By Karolos Grohmann
BERLIN (Reuters) - The head of Germany's Football League (DFL) launched a scathing attack on FIFA on Saturday, saying coordinated action was needed from Europe to reform world soccer's governing body.
FIFA is in the middle of a crisis and have been fending off allegations of corruption over the awarding of the 2018 and 2022 World Cups to Russia and Qatar respectively.
"One does not know if one should wonder or feel ashamed for them," DFL CEO Christian Seifert told Sueddeutsche Zeitung in their weekend edition. "It cannot be acceptable when FIFA's credibility is in a freefall."
"As a serious organisation we feel that we are not represented by this FIFA," said Seifert. The DFL is in charge of Germany's top two professional divisions.
German soccer officials have been especially unhappy with Qatar having been picked as the 2022 tournament hosts.
The tiny Gulf state, enriched by its vast natural gas resources, has virtually no football tradition, has never qualified for the World Cup and does not have the appropriate climate for a summer World Cup which has produced another huge debate about what time of the year the tournament can be staged.
Seifert stopped short of calling for a boycott but said some 75 percent of players at a World Cup were under contract in Europe. Any action against FIFA should be a coordinated action with the support of many countries.
"When Europe says 'we will not play' then that changes everything. A boycott would be a an effective weapon but one has to think things through.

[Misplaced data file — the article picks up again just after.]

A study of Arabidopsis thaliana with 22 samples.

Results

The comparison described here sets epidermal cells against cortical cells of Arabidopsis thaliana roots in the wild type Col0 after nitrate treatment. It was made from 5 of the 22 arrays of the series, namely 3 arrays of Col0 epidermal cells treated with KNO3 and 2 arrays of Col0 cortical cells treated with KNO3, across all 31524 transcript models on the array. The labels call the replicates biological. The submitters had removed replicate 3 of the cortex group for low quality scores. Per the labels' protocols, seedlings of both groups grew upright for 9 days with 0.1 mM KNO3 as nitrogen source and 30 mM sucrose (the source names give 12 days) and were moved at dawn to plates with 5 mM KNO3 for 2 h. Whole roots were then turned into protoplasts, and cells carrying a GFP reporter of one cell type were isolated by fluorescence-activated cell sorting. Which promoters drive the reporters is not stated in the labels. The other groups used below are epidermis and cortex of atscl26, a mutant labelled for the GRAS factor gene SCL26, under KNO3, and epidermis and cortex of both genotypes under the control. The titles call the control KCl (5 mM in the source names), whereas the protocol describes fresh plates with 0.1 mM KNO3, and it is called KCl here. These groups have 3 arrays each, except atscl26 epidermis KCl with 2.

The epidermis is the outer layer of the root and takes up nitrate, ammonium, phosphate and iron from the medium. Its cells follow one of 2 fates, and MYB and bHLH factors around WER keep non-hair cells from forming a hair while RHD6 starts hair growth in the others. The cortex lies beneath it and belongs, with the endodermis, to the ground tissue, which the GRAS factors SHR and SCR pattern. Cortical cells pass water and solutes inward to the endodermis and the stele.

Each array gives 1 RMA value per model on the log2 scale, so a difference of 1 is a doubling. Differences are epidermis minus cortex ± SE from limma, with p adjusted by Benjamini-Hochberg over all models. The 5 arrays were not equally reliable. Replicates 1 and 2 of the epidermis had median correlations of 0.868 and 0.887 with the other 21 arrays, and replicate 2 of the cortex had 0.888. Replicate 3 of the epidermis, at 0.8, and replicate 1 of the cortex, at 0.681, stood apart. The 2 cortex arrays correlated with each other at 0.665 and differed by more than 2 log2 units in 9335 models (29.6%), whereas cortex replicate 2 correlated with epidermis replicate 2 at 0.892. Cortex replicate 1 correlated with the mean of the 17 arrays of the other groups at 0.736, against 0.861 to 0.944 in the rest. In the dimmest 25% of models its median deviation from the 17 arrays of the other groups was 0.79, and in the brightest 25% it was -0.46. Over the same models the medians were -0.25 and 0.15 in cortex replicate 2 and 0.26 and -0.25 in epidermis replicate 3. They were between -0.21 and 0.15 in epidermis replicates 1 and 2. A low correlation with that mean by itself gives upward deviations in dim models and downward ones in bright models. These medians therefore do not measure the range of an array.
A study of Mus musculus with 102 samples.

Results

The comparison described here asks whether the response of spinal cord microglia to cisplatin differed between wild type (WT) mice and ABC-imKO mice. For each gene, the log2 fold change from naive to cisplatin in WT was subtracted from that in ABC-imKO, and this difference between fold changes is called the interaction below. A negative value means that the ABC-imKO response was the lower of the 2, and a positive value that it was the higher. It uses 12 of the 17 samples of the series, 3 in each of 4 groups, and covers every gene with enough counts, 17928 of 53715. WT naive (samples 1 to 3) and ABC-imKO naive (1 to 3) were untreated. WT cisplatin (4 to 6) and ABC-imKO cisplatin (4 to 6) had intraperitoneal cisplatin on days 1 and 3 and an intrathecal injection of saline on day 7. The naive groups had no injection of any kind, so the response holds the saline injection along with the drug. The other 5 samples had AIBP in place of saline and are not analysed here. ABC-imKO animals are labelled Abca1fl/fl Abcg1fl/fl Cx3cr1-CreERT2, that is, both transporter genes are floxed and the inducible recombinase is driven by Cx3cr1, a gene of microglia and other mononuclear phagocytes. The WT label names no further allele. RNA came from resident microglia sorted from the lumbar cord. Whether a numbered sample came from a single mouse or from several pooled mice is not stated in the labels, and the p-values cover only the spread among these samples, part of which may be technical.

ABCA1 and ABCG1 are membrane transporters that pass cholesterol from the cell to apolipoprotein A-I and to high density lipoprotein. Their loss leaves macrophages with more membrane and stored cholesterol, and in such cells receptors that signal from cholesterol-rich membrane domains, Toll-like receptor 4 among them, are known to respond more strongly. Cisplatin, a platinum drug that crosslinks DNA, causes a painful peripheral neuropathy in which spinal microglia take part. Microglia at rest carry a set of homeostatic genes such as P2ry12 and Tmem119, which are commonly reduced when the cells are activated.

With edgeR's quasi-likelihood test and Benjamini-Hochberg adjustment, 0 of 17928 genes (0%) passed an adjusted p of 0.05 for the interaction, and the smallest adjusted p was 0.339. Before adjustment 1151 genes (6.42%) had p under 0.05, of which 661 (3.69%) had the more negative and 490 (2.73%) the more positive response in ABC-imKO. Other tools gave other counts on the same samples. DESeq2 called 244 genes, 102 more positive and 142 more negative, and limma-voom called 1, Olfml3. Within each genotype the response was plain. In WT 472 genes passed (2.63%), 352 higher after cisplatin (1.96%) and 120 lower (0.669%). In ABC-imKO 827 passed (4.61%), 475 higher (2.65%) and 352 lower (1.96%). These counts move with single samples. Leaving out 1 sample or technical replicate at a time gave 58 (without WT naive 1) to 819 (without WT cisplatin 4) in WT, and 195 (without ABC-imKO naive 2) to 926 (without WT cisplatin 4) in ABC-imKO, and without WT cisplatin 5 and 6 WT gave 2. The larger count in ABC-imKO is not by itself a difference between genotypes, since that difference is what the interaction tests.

"Everyone would have to agree and I have serious doubts about it. France is very unlikely to turn against Qatar with (UEFA President) Michel Platini considered a Qatar supporter.
"If it is then only Germany and England that remain then I fear it is not strong enough."
Former head of the English FA, David Triesman who led England's failed bid for the 2018 tournament, urged on Friday European nations to boycott both tournaments unless FIFA transformed itself into a transparent, open organisation.
Russia and Qatar deny any wrongdoing, and German judge Hans-Joachim Eckert's summary of FIFA-appointed investigator Michael Garcia's report said there were no grounds to reopen the bidding process.
However, Garcia said soon after that Eckert's statement contained misrepresentations and that he would refer the report to FIFA's appeal committee.